Mike D'Angelo’s review published on Letterboxd:
Yes, I know, you think it's terrible. And I may very well be overweighting two sequences that thrilled me, simply because that's such a rarity when it comes to superhero movies (post-Raimi, anyway). There's admittedly a lot of the same dour bullshit that made Man of Steel such a trial. However:
• Restaging Man of Steel's climactic city-destroying battle from the ground, as witnessed by civilians (the most prominent of which is Bruce Wayne, but still), comes very close to realizing my platonic ideal of the genre at the moment. I give Snyder a lot of credit for turning the most roundly criticized aspect of his previous movie into the (at least ostensible) moral centerpiece of this one. Also for engineering a face-off in which there's no clear rooting interest, as both Batman and Superman seem like total dickwads. Admittedly that probably appeals more to those of us who are extremely weary of superheroes.
• At least I thought I was weary of superheroes, until Wonder Woman's belated entrance (in costume) gave me a full-body chill. Easily the most giddy, childlike response I've had watching a movie since Maximus' big reveal. I've watched that sequence over and over again, trying to figure out what makes it sing for me, and I think it's a combination of (a) the gender representation element (which apparently means something to me even though I'm a dude); (b) my having somehow totally forgotten by that point that Diana Prince had been wandering around the movie's edges (i.e., I was not at all waiting for Wonder Woman to show up; bear in mind that I generally don't watch trailers); (c) the magnificently rousing cue that Hans Zimmer and/or Junkie XL wrote for her, with its mix of sinuous guitar and martial percussion; and (d) Gadot not being afraid to express raw emotion while striking potentially silly superhero poses, which means that they don't look silly at all.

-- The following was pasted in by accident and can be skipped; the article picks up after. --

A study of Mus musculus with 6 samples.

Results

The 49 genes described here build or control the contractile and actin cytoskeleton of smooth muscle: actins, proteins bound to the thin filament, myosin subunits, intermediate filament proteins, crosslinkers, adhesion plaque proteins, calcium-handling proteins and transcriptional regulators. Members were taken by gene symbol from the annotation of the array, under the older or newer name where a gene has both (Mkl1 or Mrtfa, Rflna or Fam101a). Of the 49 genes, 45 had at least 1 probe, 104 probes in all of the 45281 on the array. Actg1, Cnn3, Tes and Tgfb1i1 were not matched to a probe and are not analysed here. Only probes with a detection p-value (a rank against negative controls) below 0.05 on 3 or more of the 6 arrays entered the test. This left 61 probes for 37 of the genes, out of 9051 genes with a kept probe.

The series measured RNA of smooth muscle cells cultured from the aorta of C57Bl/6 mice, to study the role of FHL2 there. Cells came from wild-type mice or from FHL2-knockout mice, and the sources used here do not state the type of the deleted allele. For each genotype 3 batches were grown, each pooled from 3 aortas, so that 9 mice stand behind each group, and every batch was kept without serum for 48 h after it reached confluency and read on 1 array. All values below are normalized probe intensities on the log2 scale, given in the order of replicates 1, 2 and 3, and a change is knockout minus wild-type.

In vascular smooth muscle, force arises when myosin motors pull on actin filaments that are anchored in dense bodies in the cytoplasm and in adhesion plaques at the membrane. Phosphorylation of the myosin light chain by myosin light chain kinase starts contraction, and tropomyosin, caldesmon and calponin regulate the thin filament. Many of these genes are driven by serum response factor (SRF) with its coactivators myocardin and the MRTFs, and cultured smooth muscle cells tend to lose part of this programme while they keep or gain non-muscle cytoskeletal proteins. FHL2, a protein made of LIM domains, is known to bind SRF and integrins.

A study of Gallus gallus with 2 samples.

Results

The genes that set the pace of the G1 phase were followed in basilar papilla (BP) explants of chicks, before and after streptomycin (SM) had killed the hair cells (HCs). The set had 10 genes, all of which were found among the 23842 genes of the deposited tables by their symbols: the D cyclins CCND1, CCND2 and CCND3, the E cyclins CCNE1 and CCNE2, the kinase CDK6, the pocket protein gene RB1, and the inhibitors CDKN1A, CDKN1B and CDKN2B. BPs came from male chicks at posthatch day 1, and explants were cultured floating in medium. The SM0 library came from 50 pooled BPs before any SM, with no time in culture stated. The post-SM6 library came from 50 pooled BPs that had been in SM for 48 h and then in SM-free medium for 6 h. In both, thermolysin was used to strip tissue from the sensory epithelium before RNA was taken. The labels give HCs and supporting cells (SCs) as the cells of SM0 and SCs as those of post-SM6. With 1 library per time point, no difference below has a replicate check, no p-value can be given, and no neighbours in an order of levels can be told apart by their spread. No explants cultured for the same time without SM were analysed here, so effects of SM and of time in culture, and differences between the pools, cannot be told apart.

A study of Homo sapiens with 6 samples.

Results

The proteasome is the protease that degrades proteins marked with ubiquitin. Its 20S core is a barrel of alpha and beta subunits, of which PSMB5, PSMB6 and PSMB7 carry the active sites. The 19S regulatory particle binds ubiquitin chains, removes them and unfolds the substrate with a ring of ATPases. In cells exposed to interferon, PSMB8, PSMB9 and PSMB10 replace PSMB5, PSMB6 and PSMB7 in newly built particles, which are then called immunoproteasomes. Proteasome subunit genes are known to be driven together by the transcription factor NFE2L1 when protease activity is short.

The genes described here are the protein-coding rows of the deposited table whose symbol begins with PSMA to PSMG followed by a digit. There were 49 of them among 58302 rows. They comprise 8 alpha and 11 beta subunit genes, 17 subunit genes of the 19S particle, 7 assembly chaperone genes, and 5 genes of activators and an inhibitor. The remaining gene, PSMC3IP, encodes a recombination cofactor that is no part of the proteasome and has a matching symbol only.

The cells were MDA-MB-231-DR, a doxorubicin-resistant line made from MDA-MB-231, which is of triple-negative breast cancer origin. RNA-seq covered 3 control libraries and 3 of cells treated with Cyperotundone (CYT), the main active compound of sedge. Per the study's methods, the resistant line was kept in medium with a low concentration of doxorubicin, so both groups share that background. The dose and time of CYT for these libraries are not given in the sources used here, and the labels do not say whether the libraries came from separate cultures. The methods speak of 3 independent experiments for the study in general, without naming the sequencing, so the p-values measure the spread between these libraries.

"But put together that's like 20 minutes out of a movie that goes on for 600 years," you may object. Honestly, though, nothing here actively annoyed me as much as almost everything in Man of Steel did. Not even Eisenberg, who I thought had moments—specifically, all of Luthor's weird little noises, which make him (Luthor, not Eisenberg; that's crucial; I totally understand why you'd hate this performance if you perceive it the other way) seem like he's nervously trying to imitate Heath Ledger's Joker. I had my usual okay time with most of it, and two instances of being legitimately excited = two more than most of these movies can manage.